Best Thing I Ate: Brie-and-Tomato-Jam Sandwiches, Sushi

Our favorite dishes from the past seven days of dining.
Best Thing I Ate: Brie-and-Tomato-Jam Sandwiches, Sushi
Bon Fresco’s simple yet delicious Brie-and-tomato-jam sandwich is a Todd Kliman favorite. Photograph by Scott Suchman.

Garrett Graff

Za’atar-seared tuna tataki with tabbouleh at Rappahannock Oyster Bar

Seats at the Union Market outpost of this Virginia oyster pioneer are a hot commodity on weekends, but the food is well worth it. On a recent Sunday afternoon visit, a tray of oysters, the white gazpacho, and this tuna dish were a perfect late brunch for spring.

Todd Kliman

Brie-and-tomato-jam sandwich at Bon Fresco

There are so many bad sandwiches out there.

I don’t mean the sandwiches that aren’t really trying, like those dreary triangle-cut, plastic-wrapped things in the refrigerated case at 7-11 or Sheetz.

I mean the ones that think they’re better than they are. Is it great that the bread is baked on the premises? It can be—but not if, as so often happens, it winds up being too much bread for the sandwich. I love it when I see an operation that roasts its own meats, especially when it’s interesting items such as goat and pork shoulder. But a sandwich, remember, is a chorus; all these disparate elements must mesh. A star turn can disrupt the essential sense of balance, and frequently does. Make the pickles in house, great—but is the spicing in the brine in the service of the sandwich? And why am I getting an acidic hit before I’ve ever taken my first bite of meat? And why is the Sriracha-spiked condiment slathered on the bread, making it soggy? Why do I feel that the sandwich-maker just piled things one atop another with little regard for how they interact? Why does the whole thing fall apart after four bites?

Now look at my favorite sandwich at Gerald Koh’s Bon Fresco.

Aside from the bread—a yeasty, crusty, phenomenally light baguette that Koh bakes himself—the individual elements would bore you on their own. Nothing is what you would call exquisite: thick wedges of Brie, a sundried-tomato jam, barely caramelized onions.

But a sandwich isn’t just a collection of high-quality sexy ingredients, as Koh knows. He tends to favor simple constructions, and builds with smart, dramatic contrasts—setting the rich, creamy Brie against the crunchy baguette, for instance, and using the tanginess of the tomato jam to pierce the intensity of the cheese. The caramelized onions bring a needed sweetness, as well as a little texture.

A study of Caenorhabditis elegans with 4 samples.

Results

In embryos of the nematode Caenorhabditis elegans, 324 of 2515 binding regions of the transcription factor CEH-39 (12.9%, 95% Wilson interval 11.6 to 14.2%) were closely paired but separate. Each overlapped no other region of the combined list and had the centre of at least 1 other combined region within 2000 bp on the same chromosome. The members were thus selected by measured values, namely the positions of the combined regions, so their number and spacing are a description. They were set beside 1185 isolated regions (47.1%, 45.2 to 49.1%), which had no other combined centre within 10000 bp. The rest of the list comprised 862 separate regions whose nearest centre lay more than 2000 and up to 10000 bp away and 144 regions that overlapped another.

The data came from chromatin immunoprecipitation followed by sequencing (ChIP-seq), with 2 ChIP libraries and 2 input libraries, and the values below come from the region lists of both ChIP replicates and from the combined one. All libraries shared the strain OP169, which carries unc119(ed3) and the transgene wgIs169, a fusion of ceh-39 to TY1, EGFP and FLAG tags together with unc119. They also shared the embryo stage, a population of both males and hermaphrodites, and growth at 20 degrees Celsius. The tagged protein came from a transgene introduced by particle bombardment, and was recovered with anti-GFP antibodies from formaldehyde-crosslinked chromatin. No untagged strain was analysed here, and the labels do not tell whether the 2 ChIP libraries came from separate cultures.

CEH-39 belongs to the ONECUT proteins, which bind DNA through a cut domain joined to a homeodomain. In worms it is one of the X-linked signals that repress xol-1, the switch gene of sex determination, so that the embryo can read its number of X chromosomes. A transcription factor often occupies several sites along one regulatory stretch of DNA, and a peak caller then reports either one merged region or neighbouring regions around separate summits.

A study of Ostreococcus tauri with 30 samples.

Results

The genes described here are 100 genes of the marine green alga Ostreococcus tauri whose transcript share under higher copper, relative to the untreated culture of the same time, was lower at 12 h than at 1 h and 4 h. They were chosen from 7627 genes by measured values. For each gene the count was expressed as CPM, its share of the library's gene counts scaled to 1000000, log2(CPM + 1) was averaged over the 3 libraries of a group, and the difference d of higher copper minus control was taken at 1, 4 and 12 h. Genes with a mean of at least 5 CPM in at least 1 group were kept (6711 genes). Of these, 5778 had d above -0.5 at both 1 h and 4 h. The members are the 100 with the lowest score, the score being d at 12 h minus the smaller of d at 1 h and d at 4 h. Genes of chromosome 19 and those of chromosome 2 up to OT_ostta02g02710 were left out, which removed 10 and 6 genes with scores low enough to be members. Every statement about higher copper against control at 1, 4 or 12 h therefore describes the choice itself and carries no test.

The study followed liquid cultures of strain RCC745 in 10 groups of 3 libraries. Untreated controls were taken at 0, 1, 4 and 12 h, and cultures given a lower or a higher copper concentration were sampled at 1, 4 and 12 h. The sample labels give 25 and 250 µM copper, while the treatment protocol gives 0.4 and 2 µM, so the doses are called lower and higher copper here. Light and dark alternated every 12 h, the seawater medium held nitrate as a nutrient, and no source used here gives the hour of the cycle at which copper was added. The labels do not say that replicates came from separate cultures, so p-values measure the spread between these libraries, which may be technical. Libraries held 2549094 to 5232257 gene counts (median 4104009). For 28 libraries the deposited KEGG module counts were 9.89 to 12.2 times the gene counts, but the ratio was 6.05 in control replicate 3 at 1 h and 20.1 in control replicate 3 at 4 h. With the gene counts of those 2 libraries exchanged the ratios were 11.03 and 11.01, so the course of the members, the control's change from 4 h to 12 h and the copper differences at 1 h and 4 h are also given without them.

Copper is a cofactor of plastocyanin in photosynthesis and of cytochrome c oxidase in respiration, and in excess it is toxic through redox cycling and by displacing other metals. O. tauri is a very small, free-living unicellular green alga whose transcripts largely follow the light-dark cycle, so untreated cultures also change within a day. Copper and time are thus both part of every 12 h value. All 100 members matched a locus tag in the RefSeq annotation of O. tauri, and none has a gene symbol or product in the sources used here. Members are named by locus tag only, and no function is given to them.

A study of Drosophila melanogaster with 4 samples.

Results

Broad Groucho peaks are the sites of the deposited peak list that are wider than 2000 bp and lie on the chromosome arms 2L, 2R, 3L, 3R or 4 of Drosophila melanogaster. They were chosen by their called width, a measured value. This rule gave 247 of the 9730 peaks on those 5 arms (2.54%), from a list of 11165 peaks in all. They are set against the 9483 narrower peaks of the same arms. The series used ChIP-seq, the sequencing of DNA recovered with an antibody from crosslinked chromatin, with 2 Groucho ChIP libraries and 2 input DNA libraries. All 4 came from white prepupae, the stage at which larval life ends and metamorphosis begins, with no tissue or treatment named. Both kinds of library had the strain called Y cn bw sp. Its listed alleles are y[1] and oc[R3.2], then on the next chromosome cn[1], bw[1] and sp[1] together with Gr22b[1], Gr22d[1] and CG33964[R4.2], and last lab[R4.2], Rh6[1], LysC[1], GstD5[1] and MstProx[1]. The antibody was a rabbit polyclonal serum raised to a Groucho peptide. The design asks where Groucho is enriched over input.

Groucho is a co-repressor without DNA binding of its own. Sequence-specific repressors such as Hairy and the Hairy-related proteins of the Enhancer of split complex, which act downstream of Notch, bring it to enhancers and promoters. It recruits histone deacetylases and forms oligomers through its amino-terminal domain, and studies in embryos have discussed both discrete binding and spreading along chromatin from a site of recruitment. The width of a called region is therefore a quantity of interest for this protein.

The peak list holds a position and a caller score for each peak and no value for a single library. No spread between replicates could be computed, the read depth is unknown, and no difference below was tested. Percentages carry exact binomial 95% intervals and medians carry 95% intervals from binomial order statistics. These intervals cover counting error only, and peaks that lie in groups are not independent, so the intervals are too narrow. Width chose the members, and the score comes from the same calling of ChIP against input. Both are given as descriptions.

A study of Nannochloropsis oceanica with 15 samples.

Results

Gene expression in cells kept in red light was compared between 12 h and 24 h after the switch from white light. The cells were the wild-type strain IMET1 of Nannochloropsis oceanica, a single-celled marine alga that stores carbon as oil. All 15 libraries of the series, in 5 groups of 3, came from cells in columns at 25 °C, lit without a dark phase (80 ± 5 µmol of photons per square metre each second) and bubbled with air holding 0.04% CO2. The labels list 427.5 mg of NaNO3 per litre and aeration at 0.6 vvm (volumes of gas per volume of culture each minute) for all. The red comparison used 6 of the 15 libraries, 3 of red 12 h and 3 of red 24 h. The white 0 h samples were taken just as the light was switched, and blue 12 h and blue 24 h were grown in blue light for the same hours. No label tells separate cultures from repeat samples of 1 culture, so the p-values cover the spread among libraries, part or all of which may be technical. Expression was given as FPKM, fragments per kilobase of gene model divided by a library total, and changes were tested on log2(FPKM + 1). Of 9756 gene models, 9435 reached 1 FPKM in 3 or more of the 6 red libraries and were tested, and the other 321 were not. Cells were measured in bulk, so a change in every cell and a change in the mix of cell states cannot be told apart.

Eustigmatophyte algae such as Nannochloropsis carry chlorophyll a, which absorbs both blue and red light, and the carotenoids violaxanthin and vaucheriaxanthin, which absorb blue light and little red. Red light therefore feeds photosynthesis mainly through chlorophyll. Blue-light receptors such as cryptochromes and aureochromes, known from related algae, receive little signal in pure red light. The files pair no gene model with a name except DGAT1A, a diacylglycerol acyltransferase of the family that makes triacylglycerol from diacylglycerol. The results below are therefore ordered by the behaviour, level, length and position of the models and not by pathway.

This is an almost-perfect sandwich, and it’s also almost perfectly made, layered with thought and care. It’s never the case that you bite into the Brie and don’t get a taste of tomato jam. Or that the ratio of jam or onions to cheese is out of whack. Or that there’s too much bread for the sandwich. Or that the whole thing collapses in your hands.

Ann Limpert

Beef-and-cheddar sandwich at Red Apron Butcher

Store-bought roast-beef sandwiches tend to be filled with dry, gray slices of meat that call to mind poor Oliver Twist (Pret, I’m looking at you). But leave it to Nate Anda to restore my faith in the often-maligned cold cut. At the Merrifield outpost of his hipster butcher shop, Red Apron, his roast beef tastes less like lunch meat and more like fresh slices of a juicy, rare, ruby-red steak. Slathers of house-made Cheez Whiz and ranch mayo make it sound like something only a frat boy could love, but they’re the perfect accents, along with a squishy, slightly sweet bun. I had it last weekend, and I haven’t stopped thinking about it since.

Anna Spiegel

Sushi at Tachibana

Unlike many nostalgic cravings, my love of Tachibana’s sushi also appeals to my food-lover palate. I grew up in McLean, where my parents still live, and it was at the original Arlington location of this neighborhood Japanese spot where I fell in love with sushi (at age five), as well as tempura, teriyaki, and other dishes more suited to a kid’s taste. My family still visits on weekend afternoons, along with the many others packing around tables for generous bento boxes and pristine slices of fish arranged into artful sashimi and sushi platters. Besides owner Eiji Yahashi moving the 32-year-old operation to McLean in the mid-’90s, nothing much has changed. It’s a wonderful thing. Lunch for me always begins with a lemony bean-sprout salad, perhaps a soothing bowl of clam miso soup if it’s cold. Then it’s on to whatever fresh fish entices that day. A dry-erase board of daily specialties can hold unusual treasures such as seasonal red sweet shrimp served raw atop perfectly seasoned sushi rice, their heads fried and brought on a side plate for sucking the flavorful insides. But you don’t need to be adventurous for a good meal. Try a simple tuna roll or nigiri, the fat slices of ruby-hued fish cushioned by more of that perfect rice and tender—not dry or chewy—seaweed. The flavors are clean, and always leave me wishing every neighborhood sushi bar could be this good.

See also: Previous Best Things I Ate

Executive Food Editor/Critic

Ann Limpert joined Washingtonian in late 2003. She was previously an editorial assistant at Entertainment Weekly and a cook in New York restaurant kitchens, and she is a graduate of the Institute of Culinary Education. She lives in Logan Circle.

Anna Spiegel
Food Editor

Anna Spiegel covers the dining and drinking scene in her native DC. Prior to joining Washingtonian in 2010, she attended the French Culinary Institute and Columbia University’s MFA program in New York, and held various cooking and writing positions in NYC and in St. John, US Virgin Islands.